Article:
Halloween! Hal. O. Weeeeeeeeeen! I’m so desperate to get outside it feels like my guts are going to burst out and bolt off without me, leaving behind nothing but a sack of my empty skin. (Awesome! Happy Halloween, family!) Meanwhile, God has decided to torture the universe by stopping the setting sun in the sky. That stupid yellow orb hasn’t moved for hours. It’s going to be six o’ clock forever.
It’s never going to get dark!
But no, that’s lame. It’ll get dark. It has to get dark. Those are the rules. Waiting is the key. I just have to suffer through this stupid dinner with my stupid family and wait for the stupid sun to finally do its job and go away—and the moment it does I’ll be out the door like a bat out of hell.
“I’m done eating,” I say to my parents with maximum calmness, since my goal is to arouse in them as little interest in me as possible. Never exactly a monumental challenge, but on occasions like this one can’t be too careful. “Can I get ready to go out now?” They dismiss me with nary a nod. Ha! I’m in my bedroom before you can say “Hobo”—which you would say, because being a hobo was my costume for the night. All I have to do is throw on one of my dad’s ancient sports coats made out material they cover couches with, put one of his outdated grey Business Man hats, smear a little shoe polish on my face, and just like that I’m ready for Halloween like my name’s Jack Ohlantern!
Finally it’s dark enough to begin the night.
I leap off my front porch into a pack of my waiting friends. I see that my best friend, red-headed Stan, has been transformed into a deranged surgeon. And a spectacularly inept one, too, judging from the blood all over his smock.
“No way!” I scream. “You’re actually scary!”
“I know!” he says, beaming. “It’s ketchup!”
“You’re a freak!
“I know! A scary doctor freak!”
“It’s perfect! Let’s go!”
There’s two things in this world I know: my suburban neighborhood, and how to run so fast it’s only a matter of time before I’m in my favorite aisle of the grocery store staring at myself from the cover of a Wheaties box.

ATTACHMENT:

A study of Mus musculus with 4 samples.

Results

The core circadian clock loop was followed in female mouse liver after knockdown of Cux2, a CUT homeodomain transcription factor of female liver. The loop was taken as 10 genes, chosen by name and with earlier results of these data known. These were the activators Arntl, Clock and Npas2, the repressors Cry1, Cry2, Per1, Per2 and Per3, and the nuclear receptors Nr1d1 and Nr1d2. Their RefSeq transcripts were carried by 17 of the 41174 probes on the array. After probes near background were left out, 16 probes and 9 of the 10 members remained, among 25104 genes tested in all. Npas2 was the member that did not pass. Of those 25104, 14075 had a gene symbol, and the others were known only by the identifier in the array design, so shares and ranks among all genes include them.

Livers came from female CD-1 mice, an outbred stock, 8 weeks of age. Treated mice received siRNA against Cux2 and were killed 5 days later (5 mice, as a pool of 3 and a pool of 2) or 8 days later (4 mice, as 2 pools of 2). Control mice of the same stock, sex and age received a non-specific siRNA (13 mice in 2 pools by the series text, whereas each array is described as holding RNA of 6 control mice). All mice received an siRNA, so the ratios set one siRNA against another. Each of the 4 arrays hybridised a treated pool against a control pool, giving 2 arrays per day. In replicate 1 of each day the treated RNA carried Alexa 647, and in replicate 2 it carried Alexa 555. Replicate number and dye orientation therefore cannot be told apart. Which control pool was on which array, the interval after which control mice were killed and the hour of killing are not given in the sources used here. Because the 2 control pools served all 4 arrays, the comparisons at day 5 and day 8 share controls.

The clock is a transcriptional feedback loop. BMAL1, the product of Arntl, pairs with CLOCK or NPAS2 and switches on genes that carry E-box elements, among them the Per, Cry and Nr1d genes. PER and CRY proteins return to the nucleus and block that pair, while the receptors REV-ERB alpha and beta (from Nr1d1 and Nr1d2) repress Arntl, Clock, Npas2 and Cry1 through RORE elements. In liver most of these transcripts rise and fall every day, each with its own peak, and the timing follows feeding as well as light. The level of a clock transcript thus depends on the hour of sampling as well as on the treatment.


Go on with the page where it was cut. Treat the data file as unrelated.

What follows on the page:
Time to strategize for Maximum Candy Collection. For one, right off, sidewalks are out. Using sidewalks on Halloween is like using flippers to play football: Why? If God didn’t want me dashing across front yards, weaving between cars in driveways and hurtling over hedges like a candy-crazed caped avenger, he wouldn’t have given me the legs and freakish balancing powers that he did. But he did. Plus he gave me a sweet tooth the size of my head. That killer combo left me no choice.
Maybe an hour after I’d begun treat-or-treating, the weight of the candy in my pillowcase was slowing me down. But that was an amateur’s concern. Knowing a neighborhood means knowing where to hide things in that neighborhood, and I was nothing if not squirrely. Still moving I tied shut the top of Bag One, stashed it behind the gate of a friend’s house, and took off running again as I yanked Bag Two from the gargantuan pocket of my dad’s gargantuan coat.
My friends were nowhere to be seen—unless I looked behind me, maybe. But that wasn’t going to happen. I loved my friends like the brothers I never had because all I got was my inexplicable sister, but business is business. I’d left those guys behind after about the third house. One of them was using the sidewalk. It was unbelievable. Where did he think we were, Beverly Hills? Poor guy. I’d be halfway through the best of my Bag One while he was chewing his last Necco Wafer.
By the time I got home that night, I looked like an actual 10-year-old hobo—who’d maybe been dragged from the back of a car. My dad’s coat was covered in bramble and mud. Because it was slowing me down, I’d long since jammed his ruined hat into one of his coat pockets. The shoe polish on my face was melted and mixed with the sweat and grime that comes from a vigorous job well done.
Alone in my bedroom, I spilled the bright contents of my two full bags onto the green shag carpet.
There it all was, in a pile so big I almost wanted to run and leap onto it, the way I’d seen kids on TV do on big piles of fall leaves.
But was I going to squish my beloved candy?
I don’t think so.
No, I was going to adore my candy: cherish it, protect it, care for it, endeavor to make it last as long as I possible.
Which, in the end, every year, turned out to be maybe two weeks.
It was at that moment, right there on the floor of my bedroom, that I realized, for what I believe was the first time ever, that it never gets better than the moment between when you have it all, and when, bit by bit, it all begins to disappear.